The benefits since the western regional market was launched in 2014 now total $288.44 million, the ISO said.

The EIM’s technology automatically finds and delivers low-cost energy to serve consumers in California, Arizona, Oregon, Washington, Utah, Idaho, Wyoming and Nevada, the ISO said, noting that in addition to leveraging the diverse resources from a larger pool, the effective use of carbon-free power generation provides added environmental benefits.

According to the ISO, Western EIM participants helped reduce carbon emissions in the region by 7,730 metric tons by using 18,060 MWh of excess renewable energy that otherwise would have been turned off.

The ISO said that besides using low-cost energy, EIM utilities reduce their costs by being able to join together to decrease the amount of energy reserves that individual utilities must carry in real time to manage load.

During 4Q17, PacifiCorp realized benefits of $6.83 million, while the ISO saved $4.52 million and Arizona Public Service $10 million, the ISO said, adding that NV Energy saved $6.45 million, and Puget Sound Energy saved $2.83 million during the three-month period.

The EIM’s newest participant, Portland General Electric, saw $2.83 million in benefits, the ISO said.

Idaho Power and Canada’s Powerex are on track to join the market on April 1, while the Balancing Authority of Northern California/Sacramento Municipal Utility District and Los Angeles Department of Water and Power will begin participating in April 2019, the ISO said. Salt River Project and Seattle City Light are set to enter the market in April 2020, the ISO said.

According to the report, a significant contributor to EIM benefits is transfers across balancing areas, providing access to lower cost supply, while factoring in the cost of compliance with greenhouse gas emissions regulations when energy is transferred into the ISO. As such, the transfer volumes are a good indicator of a portion of the benefits attributed to the EIM, the report said, adding that transfers can take place in the fifteen-minute market and real-time dispatch (RTD).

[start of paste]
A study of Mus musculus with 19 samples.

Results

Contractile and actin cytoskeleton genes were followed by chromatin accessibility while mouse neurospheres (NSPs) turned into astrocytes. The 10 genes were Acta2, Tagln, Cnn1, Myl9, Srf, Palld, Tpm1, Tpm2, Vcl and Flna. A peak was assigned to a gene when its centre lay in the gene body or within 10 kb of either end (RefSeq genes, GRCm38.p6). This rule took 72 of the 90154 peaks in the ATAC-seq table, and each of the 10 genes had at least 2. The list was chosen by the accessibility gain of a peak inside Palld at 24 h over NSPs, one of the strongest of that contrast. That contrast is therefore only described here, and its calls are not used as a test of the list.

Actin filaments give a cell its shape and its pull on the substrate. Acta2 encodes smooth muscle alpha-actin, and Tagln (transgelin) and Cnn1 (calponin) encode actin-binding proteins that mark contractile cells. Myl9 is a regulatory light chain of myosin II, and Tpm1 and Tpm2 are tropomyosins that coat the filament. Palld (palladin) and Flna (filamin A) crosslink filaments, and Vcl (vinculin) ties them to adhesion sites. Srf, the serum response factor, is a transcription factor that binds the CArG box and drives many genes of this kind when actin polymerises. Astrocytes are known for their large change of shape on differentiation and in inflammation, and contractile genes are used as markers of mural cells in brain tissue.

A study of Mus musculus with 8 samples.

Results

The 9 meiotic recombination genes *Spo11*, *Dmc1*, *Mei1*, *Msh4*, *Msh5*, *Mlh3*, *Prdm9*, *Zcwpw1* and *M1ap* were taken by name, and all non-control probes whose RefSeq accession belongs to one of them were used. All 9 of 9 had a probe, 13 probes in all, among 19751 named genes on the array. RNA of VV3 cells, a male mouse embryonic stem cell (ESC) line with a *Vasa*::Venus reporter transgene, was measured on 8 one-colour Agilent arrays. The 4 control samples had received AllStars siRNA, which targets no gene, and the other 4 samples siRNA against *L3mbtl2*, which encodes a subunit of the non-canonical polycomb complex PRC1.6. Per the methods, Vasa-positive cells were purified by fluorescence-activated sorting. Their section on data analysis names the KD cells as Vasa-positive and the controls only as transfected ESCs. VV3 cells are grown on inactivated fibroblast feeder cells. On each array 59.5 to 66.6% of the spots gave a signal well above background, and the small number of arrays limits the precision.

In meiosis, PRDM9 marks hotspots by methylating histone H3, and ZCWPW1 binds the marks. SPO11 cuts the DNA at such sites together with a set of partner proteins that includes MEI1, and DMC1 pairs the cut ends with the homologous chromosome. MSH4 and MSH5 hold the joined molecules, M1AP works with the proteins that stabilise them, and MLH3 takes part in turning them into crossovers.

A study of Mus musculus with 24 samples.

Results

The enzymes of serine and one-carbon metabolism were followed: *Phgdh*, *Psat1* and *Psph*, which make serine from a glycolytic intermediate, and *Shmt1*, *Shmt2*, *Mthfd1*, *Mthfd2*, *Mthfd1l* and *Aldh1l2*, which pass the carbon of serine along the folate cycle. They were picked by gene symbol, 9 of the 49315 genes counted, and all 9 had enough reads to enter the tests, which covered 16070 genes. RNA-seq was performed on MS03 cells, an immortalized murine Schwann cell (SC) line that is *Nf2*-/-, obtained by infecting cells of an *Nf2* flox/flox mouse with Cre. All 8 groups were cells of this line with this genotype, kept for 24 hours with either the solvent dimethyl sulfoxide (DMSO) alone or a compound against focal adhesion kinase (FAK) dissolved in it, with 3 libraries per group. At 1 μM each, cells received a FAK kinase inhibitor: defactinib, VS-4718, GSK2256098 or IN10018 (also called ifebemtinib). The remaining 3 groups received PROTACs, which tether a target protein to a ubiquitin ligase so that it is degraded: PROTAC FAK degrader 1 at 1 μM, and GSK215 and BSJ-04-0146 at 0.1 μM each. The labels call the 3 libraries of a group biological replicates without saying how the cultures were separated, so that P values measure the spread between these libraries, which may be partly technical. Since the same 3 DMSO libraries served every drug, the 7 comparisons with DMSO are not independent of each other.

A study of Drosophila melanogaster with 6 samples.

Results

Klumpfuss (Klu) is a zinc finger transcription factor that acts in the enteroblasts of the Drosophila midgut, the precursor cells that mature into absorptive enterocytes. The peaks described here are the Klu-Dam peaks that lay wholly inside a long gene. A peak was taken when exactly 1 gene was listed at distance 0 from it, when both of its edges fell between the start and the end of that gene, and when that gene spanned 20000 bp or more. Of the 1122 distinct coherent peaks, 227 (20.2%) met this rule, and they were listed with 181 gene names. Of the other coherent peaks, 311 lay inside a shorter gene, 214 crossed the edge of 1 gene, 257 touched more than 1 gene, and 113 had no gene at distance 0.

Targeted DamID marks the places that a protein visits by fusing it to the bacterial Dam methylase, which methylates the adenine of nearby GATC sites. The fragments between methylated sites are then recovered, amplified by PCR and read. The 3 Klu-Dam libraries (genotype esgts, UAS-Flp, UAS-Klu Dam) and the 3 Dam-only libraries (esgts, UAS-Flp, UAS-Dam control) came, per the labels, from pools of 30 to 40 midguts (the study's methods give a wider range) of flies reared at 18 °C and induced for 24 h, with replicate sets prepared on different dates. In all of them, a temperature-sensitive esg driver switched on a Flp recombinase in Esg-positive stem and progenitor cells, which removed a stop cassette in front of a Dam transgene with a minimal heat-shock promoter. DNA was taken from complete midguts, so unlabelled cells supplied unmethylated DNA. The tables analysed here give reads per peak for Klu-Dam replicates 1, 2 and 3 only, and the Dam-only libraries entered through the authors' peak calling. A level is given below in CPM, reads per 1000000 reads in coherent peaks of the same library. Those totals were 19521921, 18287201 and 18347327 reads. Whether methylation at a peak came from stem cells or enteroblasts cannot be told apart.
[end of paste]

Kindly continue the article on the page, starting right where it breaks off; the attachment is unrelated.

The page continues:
Generally, the report said, transfer limits are based on transmission and interchange rights that participating balancing authority areas make available to the EIM, with the exception of the PacifiCorp West (PACW)-ISO transfer and Portland General Electric-ISO transfer limit in RTD. Those RTD transfer capacities between PACW/PGE and the ISO are determined based on the allocated dynamic transfer capability driven by system operating conditions, the report said.

Among other things, the report said that the EIM benefit calculation includes the economic benefits that can be attributed to avoided renewable curtailment within the ISO. If not for energy transfers facilitated by the EIM, some renewable generation located within the ISO would have been curtailed via either economic or exceptional dispatch, the report said.

“The total avoided renewable curtailment volume in MWh for [4Q17] was calculated to be 9,444 MWh (October) + 5,974 MWh (November) + 2,642 MWh (December) = 18,060 MWh total,” the report said.

Under the assumption that avoided renewable curtailments displace production from other resources at a default emission rate of 0.428 metric tons CO2/MWh, avoided curtailments displaced an estimated 7,730 metric tons of CO2 for 4Q17, the report said.